To start off with, I must thank all who spoke with me and gave me a short 30 second pitch - and will list them below. I also asked two questions, based on the recent discussion on tech companies and product managers in NYC brought up by Fred Wilson at the Clickable Cafe from a couple of weeks ago.
It was asserted that there is a dearth of "product managers" in New York City and a growth of this community (and skill set) would be a positive indicator of NY Tech growth. So, aside from meeting the founders - I asked about their tech staff and their "product management" staff.
Requisite Company Mentions
As promised, I wanted to mention the companies I met last night. All were excellent discussions - albeit incredibly fast...
- Market Publique - online market place for vintage clothing (must be at least 20 years old)
- MyItThings - online user-generated fashion magazine
- Mobile Commons - SMS/telephone advocacy tools
- UpSkil.com - a new career education site (cheaper but better than UoP)
- foursquare - mobile, location-based notification and community tool
- centrl - mobile, location- and social-network-based community tool
- boomerater - user-generated portal/magazine for baby-boomers into a number of vericals
- Funnel Scope - travel search engine with twitter API connection to converse with friends on trip decisions
- Asian in NY - a "craigslist for Asian community members" or a gumtree in the US for the Asian community
- Kidmondo - online baby journals
- cookstr - online receipes
- MeetingWave - faciliatating connecting in person with your contacts (Meetup meets LinkedIn)
- Cloud Contacts - scanning of your business cards into a single dataset
- Convos - one-stop group communication and management platform
- OMGPOP - online multi-player games for teens
- Unigo - online publisher using student-generated content on universities
- Gate Guru - iPhone app for information on airports (similar to SeatGuru for airplanes)
- SquareSpace - SaaS web CMS with extensive tools
- kgb_web - an upcoming "Pandora for Content" - recommendation engine for all forms of content (with many other incarnations)
- Instinctiv - a smart-phone music player with stronger recommendation tools by tracking your on-device actions (e.g. skip, fast-forward, etc)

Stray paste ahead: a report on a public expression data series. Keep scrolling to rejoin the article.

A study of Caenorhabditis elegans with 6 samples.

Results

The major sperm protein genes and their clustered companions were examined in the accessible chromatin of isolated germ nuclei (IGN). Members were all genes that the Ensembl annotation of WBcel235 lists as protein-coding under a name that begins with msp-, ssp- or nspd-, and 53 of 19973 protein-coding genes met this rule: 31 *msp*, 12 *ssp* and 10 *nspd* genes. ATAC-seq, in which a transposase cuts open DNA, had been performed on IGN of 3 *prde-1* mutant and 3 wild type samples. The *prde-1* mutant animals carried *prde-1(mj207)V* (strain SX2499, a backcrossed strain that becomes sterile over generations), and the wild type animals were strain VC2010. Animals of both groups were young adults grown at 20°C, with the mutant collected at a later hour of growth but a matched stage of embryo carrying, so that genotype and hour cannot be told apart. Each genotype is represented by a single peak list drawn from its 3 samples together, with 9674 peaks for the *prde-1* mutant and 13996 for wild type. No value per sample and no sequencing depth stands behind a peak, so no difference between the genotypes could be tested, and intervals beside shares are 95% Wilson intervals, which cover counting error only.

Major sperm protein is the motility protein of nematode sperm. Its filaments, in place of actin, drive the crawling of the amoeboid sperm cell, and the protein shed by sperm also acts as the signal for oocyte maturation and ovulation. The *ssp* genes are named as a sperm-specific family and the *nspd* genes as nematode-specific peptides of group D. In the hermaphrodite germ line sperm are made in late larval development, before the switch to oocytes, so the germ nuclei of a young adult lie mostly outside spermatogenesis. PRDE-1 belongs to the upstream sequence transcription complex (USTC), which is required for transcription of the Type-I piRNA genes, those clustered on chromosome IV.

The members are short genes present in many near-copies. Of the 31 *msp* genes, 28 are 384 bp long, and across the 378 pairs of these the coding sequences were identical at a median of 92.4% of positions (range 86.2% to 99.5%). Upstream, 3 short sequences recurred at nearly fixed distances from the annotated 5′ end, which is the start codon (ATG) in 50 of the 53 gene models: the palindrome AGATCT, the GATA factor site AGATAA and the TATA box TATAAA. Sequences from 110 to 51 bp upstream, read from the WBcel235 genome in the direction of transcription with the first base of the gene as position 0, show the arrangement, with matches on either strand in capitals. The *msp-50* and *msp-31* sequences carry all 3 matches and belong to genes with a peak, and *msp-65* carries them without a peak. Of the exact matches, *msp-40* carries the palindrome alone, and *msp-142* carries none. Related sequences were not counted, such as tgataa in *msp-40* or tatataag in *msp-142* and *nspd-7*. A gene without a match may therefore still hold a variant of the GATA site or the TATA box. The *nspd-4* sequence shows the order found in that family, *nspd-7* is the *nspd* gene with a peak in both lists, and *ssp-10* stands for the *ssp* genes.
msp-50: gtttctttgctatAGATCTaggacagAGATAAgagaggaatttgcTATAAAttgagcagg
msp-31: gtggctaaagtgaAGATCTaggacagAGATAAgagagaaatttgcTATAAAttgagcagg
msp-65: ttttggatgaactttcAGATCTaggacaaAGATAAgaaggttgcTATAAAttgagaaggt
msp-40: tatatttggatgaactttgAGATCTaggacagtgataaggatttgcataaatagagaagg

- Stratus Security - API access management and billing toolset
- Over 80% of these companies would not be considered "tech companies" - specifically a company that is a tech product that is solving a business need. Rather, most of these companies were media or service companies that were startups - using tech as one of their differentiator. Most of these companies either outsourced or "had a tech guy" on their founding team.
- Of the other 20% of the companies, the product management work was being handled by the founder, the CEO (and or CTO) or (in the rare case of kgbweb) a separate Sr VP of Products.
- "Product management" was understood as "owning the product", but the strengths of the owner was the driving factor of what the responsibilities were of the PM.
- One person who discussed with me about his company also mentioned that as a former Product Manager of a major bank, he could not find "product management" jobs in NYC when he went looking.
One of the comments Fred made at the Clickable event was the need for more product managers in NYC to help create startups. Being a former Valley guy (Silicon Valley, not SoCal!), I was a product manager for a number of companies and knew the community of members during my time there. PMs were the "CEOs" of their products - either by market or by channel. Their responsibility was to the P&L of their product line and responsible for:
- sales performance (how the sales team performed with direct authority over them),
- market penetration (what percentage of the market did they own)
- marketing message and communication (how did the market understand the product)
- product features and enhancements (to expand their market offering)
- product delivery and testing (working with engineering/production to deliver the product on time)
- customer acceptance and service (all about retention and up-to-the-minute status on product service)
During Web 1.0 in the Valley, the strongest CEOs tended to be the PMs of other companies because they could easily generate the direction for these areas - not simply one person for each. By being strong in a number of these areas and being able to tie them together into a coherent product and company strategy is one of the keys to a successful company. The challenge: how do you make companies that need such product managers that are also (eventually) rewarded for being the CEOs of small startups in the future?